Sunday, September 23, 2012

Perspective, Part Three: "Our Windows, Too, Are Clouded Glass"

We live in a world of shameless self-promotion, overweening egotism, and dubious, spurious, and/or ill-gotten "accomplishments."  What evidence supports this assertion?  Any head-of-state that you can name.  And any "celebrity" that you can name.

Of course, this has always been the way of the world.  However, this age differs significantly from previous ages:  in our time, these people insert themselves into our consciousness in electronic ways that are pervasive and well-nigh unavoidable.  Unless, say, one chooses to repair to a yurt on an empty, wind-swept steppe somewhere in Mongolia.  (Provided that the steppe is free of cellphone towers, of course.)

In the absence of an avenue of escape, one needs perspective.  One needs to remind oneself that these sorts of people are not normal.  They have nothing to do with real life, or with our lives.  Humility and empathy are alien to them.  Thus, they would not know what to make of a poem such as the following.  Never in a million years would it occur to them that Charlotte Mew is trying to tell us something about ourselves, something that we ignore at peril to our souls.

                                       Duncan Grant, "Still Life" (1957)

                 On the Asylum Road

Theirs is the house whose windows -- every pane --
     Are made of darkly stained or clouded glass:
Sometimes you come upon them in the lane,
     The saddest crowd that you will ever pass.

But still we merry town or village folk
     Throw to their scattered stare a kindly grin,
And think no shame to stop and crack a joke
     With the incarnate wages of man's sin.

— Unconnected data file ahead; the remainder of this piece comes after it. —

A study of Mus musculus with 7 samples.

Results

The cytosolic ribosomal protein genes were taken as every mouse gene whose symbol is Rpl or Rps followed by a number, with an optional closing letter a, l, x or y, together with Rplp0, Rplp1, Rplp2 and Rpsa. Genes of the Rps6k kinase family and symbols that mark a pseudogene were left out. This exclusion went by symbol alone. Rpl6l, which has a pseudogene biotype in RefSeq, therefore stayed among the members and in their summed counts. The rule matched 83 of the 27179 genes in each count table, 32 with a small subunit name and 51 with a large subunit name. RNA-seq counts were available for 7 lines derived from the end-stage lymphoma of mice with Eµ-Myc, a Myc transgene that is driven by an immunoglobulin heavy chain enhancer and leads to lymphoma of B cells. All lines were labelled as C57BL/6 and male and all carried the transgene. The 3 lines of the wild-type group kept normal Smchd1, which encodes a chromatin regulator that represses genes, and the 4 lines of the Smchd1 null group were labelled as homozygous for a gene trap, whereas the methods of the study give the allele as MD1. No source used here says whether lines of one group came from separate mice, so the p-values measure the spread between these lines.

None but ourselves in our long gallery we meet,
     The moor-hen stepping from her reeds with dainty feet,
          The hare-bell bowing on his stem,
Dance not with us; their pulses beat
     To fainter music; nor do we to them
               Make their life sweet.

The gayest crowd that they will ever pass
     Are we to brother-shadows in the lane:
Our windows, too, are clouded glass
     To them, yes, every pane!

Charlotte Mew, The Farmer's Bride (1916).

                                Duncan Grant, "Girl at the Piano" (1940)

4 comments:

William A. Sigler said...

You open up a rich suggestiveness in your writing today, Mr. Pentz (I might even call it redolent). I believe you are talking about narcissism at root, but to say that kinda spoils the fun, for the gap between "us and them" (more broadly defined) is like that between Mew’s asylum dwellers and townspeople. Overweening self-promotion is the handmaiden of miserable self-regard, of course. People who want us to look away from what we have to do to pay attention to them, like we're their parents, show they don’t consider themselves to be worthy or even alive unless they are loved, famous, better, more powerful. As they don’t see themselves in poems’ mirrors, they don’t recognize that this need for approval gives their power away, whether it’s by the slings and arrows of criticism or the idolatry of adulation. Either way other people are calling the shots on who they are, with all the limitations inherent in someone really knowing another person. Yet this is the virtual world all around us, and I do believe you’d have to go to a yurt in Outer Mongolia to avoid it and its prison cell towers.

Stephen Pentz said...

Mr. Sigler: as always, I appreciate hearing your thoughts. I agree with your assessment of things. However, although these people may "give their power away" in a psychological sense, they often exercise a great deal of power in a world that sees them as admirable and/or worthy of emulation. Unfortunately for us.

Thanks for stopping by.

zmkc said...

The beautiful film Tears of the Camel - http://en.wikipedia.org/wiki/The_Story_of_the_Weeping_Camel - demonstrated, sadly, that even a Yurt in Mongolia is no shelter from satellite tv.

Stephen Pentz said...

zmkc: ah, well, yet another shattered daydream of peace, quiet, and serenity! However, I guess in my heart-of-hearts I suspected as much, even as I wrote it.

Thank you for the information about the movie -- I wasn't aware of it. It indeed sounds lovely. I will try to track a copy down. (Unfortunately, Netflix doesn't have it.)

As always, it is very nice to hear from you.